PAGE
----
Diversity Circles expands program
Group planning a fair, events for public, schools
October 17, 2005
Green Bay Press-Gazette
Green Bay, Wisconsin
After a successful first year using one of the newest tools to explore diversity and other social issues, Brown County Diversity Circles members are planning future events including a pilot program for schools and a cultural heritage fair.
About 120 people have participated in diversity circles discussions since the effort began last fall.
The program promotes small-group discussions on community issues in a democratic and collaborative way. Residents are encouraged to move from dialogue to action.
The first diversity circles discussions addressed immigration issues and the impact of Brown County’s changing population.
“People came to the circles, ready to share their stories and their ideas,” said Barbara McClure-Lukens, outreach program manager for the Division of Outreach and Extension at the University of Wisconsin-Green Bay, who helped coordinate the program.
“When people talk about diversity, they often approach it with concern or fear, that they won’t be heard or that they can’t make a difference,” McClure-Lukens said. “The discussions we had went beyond the stereotypes and headlines and we were able to find ways to take action. We’re not out to change people’s minds. We just want them to gain some understanding about how our community is changing and discuss their opinions about them in positive and constructive ways.”
Circles members plan to implement three major initiatives in the next year to increase awareness and understanding of the changing racial/ethnic population in the county:
• Diversity circles in the Green Bay School District this fall.
• Creation of an oral history project to document racial and ethnic diversity in Brown County. The project is scheduled to be completed and presented to the public at the Neville Public Museum next year.
• A summer cultural heritage fair.
“When I was asked to be a part of this, the first thing I thought is that this is about race and culture,” said Liz Hessler, university services program associate at UWGB. “But what I found out is that there’s a lot more to it than that. At the beginning the whole group would look at diversity as being racial or cultural but individuals in the group would remind you it wasn’t always about that. We had to approach it in a broader sense — about gender issues — how it would affect the gays, the lesbians.”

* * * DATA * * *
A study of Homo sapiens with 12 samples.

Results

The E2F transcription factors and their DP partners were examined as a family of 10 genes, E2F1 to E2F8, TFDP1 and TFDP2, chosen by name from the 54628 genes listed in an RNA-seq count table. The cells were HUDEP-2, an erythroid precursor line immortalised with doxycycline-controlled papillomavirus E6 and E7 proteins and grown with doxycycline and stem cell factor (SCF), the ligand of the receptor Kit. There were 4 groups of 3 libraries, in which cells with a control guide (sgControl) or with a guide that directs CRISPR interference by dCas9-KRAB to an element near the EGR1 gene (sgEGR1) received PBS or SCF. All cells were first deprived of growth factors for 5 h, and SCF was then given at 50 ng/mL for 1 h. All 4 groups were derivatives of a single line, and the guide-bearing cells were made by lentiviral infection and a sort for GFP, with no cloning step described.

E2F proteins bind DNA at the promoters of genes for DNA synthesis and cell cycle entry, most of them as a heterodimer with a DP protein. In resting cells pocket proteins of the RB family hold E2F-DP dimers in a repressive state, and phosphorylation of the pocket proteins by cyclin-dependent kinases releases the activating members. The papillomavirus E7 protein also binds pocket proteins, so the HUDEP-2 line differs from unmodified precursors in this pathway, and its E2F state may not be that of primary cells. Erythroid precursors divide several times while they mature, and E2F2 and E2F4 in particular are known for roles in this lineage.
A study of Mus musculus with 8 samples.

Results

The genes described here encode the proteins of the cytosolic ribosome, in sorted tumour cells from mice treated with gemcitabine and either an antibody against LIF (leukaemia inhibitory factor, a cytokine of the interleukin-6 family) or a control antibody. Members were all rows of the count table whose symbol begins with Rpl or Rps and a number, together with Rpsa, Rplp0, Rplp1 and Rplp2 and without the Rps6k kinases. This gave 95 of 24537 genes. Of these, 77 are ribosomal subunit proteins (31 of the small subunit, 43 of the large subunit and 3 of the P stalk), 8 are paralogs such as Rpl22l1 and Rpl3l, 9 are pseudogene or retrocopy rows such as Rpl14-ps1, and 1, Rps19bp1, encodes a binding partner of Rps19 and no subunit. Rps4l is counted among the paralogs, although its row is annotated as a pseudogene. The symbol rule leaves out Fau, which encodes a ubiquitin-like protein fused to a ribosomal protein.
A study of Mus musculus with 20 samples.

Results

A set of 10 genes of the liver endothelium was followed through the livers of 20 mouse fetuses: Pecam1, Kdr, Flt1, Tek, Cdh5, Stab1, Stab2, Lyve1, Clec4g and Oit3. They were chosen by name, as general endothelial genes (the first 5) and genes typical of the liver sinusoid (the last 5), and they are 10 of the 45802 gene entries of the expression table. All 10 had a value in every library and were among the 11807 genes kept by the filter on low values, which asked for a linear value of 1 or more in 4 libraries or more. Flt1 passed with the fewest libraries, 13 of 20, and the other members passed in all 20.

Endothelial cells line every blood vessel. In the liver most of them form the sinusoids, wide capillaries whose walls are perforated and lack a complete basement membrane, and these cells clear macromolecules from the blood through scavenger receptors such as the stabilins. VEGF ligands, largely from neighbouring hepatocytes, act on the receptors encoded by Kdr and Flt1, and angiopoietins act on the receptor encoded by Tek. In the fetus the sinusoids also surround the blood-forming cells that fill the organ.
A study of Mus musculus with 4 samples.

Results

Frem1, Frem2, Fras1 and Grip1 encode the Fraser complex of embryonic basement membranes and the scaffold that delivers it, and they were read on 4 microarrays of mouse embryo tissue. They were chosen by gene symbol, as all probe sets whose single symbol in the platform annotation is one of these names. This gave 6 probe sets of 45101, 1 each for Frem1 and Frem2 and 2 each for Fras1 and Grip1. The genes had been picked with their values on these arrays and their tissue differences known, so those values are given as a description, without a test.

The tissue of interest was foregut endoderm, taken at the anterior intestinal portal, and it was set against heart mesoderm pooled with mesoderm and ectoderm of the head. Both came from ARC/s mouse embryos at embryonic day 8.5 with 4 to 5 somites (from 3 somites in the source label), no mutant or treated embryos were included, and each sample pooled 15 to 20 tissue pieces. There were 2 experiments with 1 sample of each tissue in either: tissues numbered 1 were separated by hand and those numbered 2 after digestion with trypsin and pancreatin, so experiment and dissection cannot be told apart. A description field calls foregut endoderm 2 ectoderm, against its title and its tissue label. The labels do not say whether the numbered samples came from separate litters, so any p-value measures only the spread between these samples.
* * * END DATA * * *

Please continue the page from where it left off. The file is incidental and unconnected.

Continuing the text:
Hessler, who teaches a Polynesian dance class at the Multicultural Center of Greater Green Bay, plans to participate in more diversity circles in the future.
“I think the diversity circles are good for the community because they will encourage people to learn” more about diversity, she said.
The diversity circles project was developed under the leadership of the University of Wisconsin-Green Bay Division of Outreach and Adult Access, Brown County UW-Extension and the UW-Green Bay Institute for Learning Partnership. It was created to address the increasing immigration and migration into the community, mostly of minorities.
Minorities make up about 12 percent of Brown County’s population, according to the 2000 census. The biggest growth from the previous census was in the Hispanic population, which increased from 1,525 in 1990 to 8,698 in 2000, while the nonwhite population grew from 7,973 to 20,090. Increasing diversity in the area has affected institutions such as the Green Bay School District, in which nearly 30 percent of students are minorities.
“It’s good to see Green Bay public schools embrace diversity circles,” said Juliet Cole, assistant to the director of the Institute for Learning Partnership at UWGB, who is helping to coordinate the circles. “The teachers, the parents and the students would develop more constructive ways to promoting understanding. This could be a good way for schools to socialize the students through diversity circles.”
The Green Bay-De Pere YWCA soon will take over leadership of the project, acting as a clearinghouse for information and creating ongoing activity related to diversity such as organizing future diversity circle discussions, said Judy Lehnert, associate director of community services of the Green Bay-De Pere YWCA. Public diversity circles will be scheduled in the fall and winter, Lehnert said.
“The main mission for the YWCA is eliminating racism and empowering women,” she said. “One way to do this is by creating dialogue in the circles that could address all forms of discrimination.”
Similar diversity circles have begun in cities nationally and in Wisconsin, including Madison and Milwaukee, Cole said. Brown County Diversity Circles meet for two hours a week for four weeks, McClure-Lukens said.
Plans are being made to host diversity circles next month, Lehnert said.
“We want to provide a safe and comfortable way for people to talk about how they feel about the changes that are occurring in the community and to share their stories,” McClure-Lukens said. “We want to be able to go beyond the stereotypes and headlines and put all the dialogue to action. A number of people have already expressed that participating in diversity circles has changed their perspectives about diversity in the community.”